Every company says its glove is the warmest on the market. Who is right and wrong? What are the winners and losers in these categories?


    The warmest gloves I have, are Polartech, with 40gr thinsulate insulation.
    40g thinsulate insulation is not much, my snowmobile gloves had 200g thinsulate insulation originally before i improved them.
    The warmest gloves on the market (fur excluded) should be among trigger lobster gloves and electric gloves.
    Gloves are usually not as warm as mitten and not as practical for the same amount of warmth (bulky fingers and hard to remove)
    Last edited by erig007; 02-20-15 at 09:21 AM.






    Last edited by erig007; 02-20-15 at 09:20 PM.

    40g thinsulate insulation is not much, my snowmobile gloves had 200g thinsulate insulation originally before i improved them.
    The warmest gloves on the market (fur excluded) should be among trigger lobster gloves and electric gloves.
    Gloves are usually not as warm as mitten and not as practical for the same amount of warmth (bulky fingers and hard to remove)
    I've been wearing gloves for 60+ years, in the Chicago area, and these polartech (inside and outside) with 40gr of thinsulate sandwiched between them - are still the warmest GLOVES I have ever worn. The only ones warmer are my Gerbing electric glove that I use on my motorcycle.

    I've worn warmer mittens, but never warmer gloves - and I've had scads of snowmobile gloves.

    "Retirement is the best job I ever had!" Me, 2009


    "Gravity is a harsh mistress."


    From now on I'll have to remember to keep the wool liners on if I have to remove the leather shell.



    These mitts are not particularly thick (I think they are cheap copies of good gloves made for XC Skiing) and I have no trouble opperating the triggger shifters or the brakes on my winter bike.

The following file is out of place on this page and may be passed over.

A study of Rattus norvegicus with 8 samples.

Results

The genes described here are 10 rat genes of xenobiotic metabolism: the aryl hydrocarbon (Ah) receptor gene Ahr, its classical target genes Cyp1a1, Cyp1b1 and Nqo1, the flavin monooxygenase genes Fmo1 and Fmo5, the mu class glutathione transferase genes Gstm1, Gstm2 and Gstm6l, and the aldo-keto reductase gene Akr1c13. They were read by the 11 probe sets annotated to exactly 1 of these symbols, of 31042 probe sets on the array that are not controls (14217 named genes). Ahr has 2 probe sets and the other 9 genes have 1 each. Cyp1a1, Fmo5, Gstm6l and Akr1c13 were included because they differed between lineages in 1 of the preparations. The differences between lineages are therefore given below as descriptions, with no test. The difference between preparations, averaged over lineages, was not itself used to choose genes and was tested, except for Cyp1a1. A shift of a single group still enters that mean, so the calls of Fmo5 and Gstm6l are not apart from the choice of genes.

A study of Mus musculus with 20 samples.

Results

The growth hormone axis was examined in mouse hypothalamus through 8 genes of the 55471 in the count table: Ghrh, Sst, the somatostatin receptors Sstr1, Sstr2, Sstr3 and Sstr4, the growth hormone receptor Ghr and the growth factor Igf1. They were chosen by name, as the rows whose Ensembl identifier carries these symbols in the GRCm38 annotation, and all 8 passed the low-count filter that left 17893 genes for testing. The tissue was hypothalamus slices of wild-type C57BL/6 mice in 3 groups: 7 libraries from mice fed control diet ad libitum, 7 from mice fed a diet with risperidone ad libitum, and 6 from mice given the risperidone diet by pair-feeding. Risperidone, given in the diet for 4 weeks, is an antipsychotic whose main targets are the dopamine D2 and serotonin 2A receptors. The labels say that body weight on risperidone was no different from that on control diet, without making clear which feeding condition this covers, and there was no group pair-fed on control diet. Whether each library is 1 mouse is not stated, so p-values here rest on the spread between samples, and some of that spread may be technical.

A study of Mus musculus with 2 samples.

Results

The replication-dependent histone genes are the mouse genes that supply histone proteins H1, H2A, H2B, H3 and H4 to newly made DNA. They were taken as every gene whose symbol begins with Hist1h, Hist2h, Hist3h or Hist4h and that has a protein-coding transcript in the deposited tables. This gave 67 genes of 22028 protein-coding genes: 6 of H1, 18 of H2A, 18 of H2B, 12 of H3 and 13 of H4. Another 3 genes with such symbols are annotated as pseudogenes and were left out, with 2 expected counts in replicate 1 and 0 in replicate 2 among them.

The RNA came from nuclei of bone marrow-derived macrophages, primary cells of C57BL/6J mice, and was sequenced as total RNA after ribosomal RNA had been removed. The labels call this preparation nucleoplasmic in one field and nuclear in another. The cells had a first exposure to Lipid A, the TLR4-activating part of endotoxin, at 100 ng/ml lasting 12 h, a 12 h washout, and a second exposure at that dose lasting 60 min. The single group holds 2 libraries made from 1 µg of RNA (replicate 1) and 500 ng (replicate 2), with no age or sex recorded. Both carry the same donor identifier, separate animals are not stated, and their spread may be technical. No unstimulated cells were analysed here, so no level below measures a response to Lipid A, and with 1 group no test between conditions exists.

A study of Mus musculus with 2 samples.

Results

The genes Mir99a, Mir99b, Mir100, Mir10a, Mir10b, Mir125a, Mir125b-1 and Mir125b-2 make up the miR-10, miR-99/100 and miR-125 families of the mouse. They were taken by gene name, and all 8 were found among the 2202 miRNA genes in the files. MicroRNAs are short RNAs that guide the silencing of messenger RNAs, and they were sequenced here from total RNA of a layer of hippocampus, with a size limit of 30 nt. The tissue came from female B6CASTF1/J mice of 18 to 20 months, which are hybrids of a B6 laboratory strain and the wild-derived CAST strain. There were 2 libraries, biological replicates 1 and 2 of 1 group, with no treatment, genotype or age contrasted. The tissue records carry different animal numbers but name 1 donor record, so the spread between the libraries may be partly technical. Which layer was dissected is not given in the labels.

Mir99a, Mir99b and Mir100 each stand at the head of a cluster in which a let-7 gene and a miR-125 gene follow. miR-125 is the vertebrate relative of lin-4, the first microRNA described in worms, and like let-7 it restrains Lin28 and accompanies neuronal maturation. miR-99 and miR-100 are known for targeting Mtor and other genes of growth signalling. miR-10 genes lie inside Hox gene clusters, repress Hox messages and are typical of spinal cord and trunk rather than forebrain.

It was -32 celcius (-25 F) this morning when made the ride to Stuff-mart for some stuff. Hands were warm and comfy.
    Last edited by auldgeunquers; 02-20-15 at 07:22 PM. Reason: added a thot ...

    Almost anything with decent insulation works in the dry. The problem area is 32-40 in steady rain.
    Yes - have to agree this is problem combination. 20 below (either one) and dry is much more comfortable than just above freezing in the rain. I think I would be looking at barmitts to solve that one.
    Yes - have to agree this is problem combination. 20 below (either one) and dry is much more comfortable than just above freezing in the rain. I think I would be looking at barmitts to solve that one.
    Diving gloves do it for me when it is raining around freezing.
    Last edited by erig007; 02-20-15 at 09:25 PM.

    A probable winner here. Should allow you to ride anywhere cold on Earth.....and beyond...

    So cute! Where did you get these? I'd love to get them. I remember you posted another cute pair of gloves last year. This pair is even cuter. Bear paws.

    Almost anything with decent insulation works in the dry. The problem area is 32-40 in steady rain.
    My solution for those conditions is a pair of thick neoprene ice fishing gloves with wool glove liners.

    When temps are well below freezing, I've got Ice Armor Extreme gloves that are one size larger so they will accommodate the wool liners as well. My wife bought me some Bar Mitts this Christmas and they let me get by with my mid-weight gloves even when it is below zero F.


    I say this with more than a dozen winters using them. If I rode regularly below 20, I would find an easy way to block air going down the cuffs. I think my parka of my days as a youth did that. I don't recall major issues commuting the week of -5F every morning with a downhill start. I will claim to belong to that elite group of "young and stupid" so any recollections might have been tainted.

    Google chopper mitts.

    Ben

    So cute! Where did you get these? I'd love to get them. I remember you posted another cute pair of gloves last year. This pair is even cuter. Bear paws.
    Those are from wigens which seems not to make them anymore.



    Bought a fine pair of cycling gloves from a big name manufacturer. They are slick looking, reflective, and cook breakfast.

    But under about 20 degrees I start to feel like that Iceman dude they found buried with arrows and stuff.

    The mittens I found in a thrift store. Stuffed with feathery down, they work to well below zero. Good stuff.

    Mitts are my second choice for real cold, but they really don't hold a candle to pogies.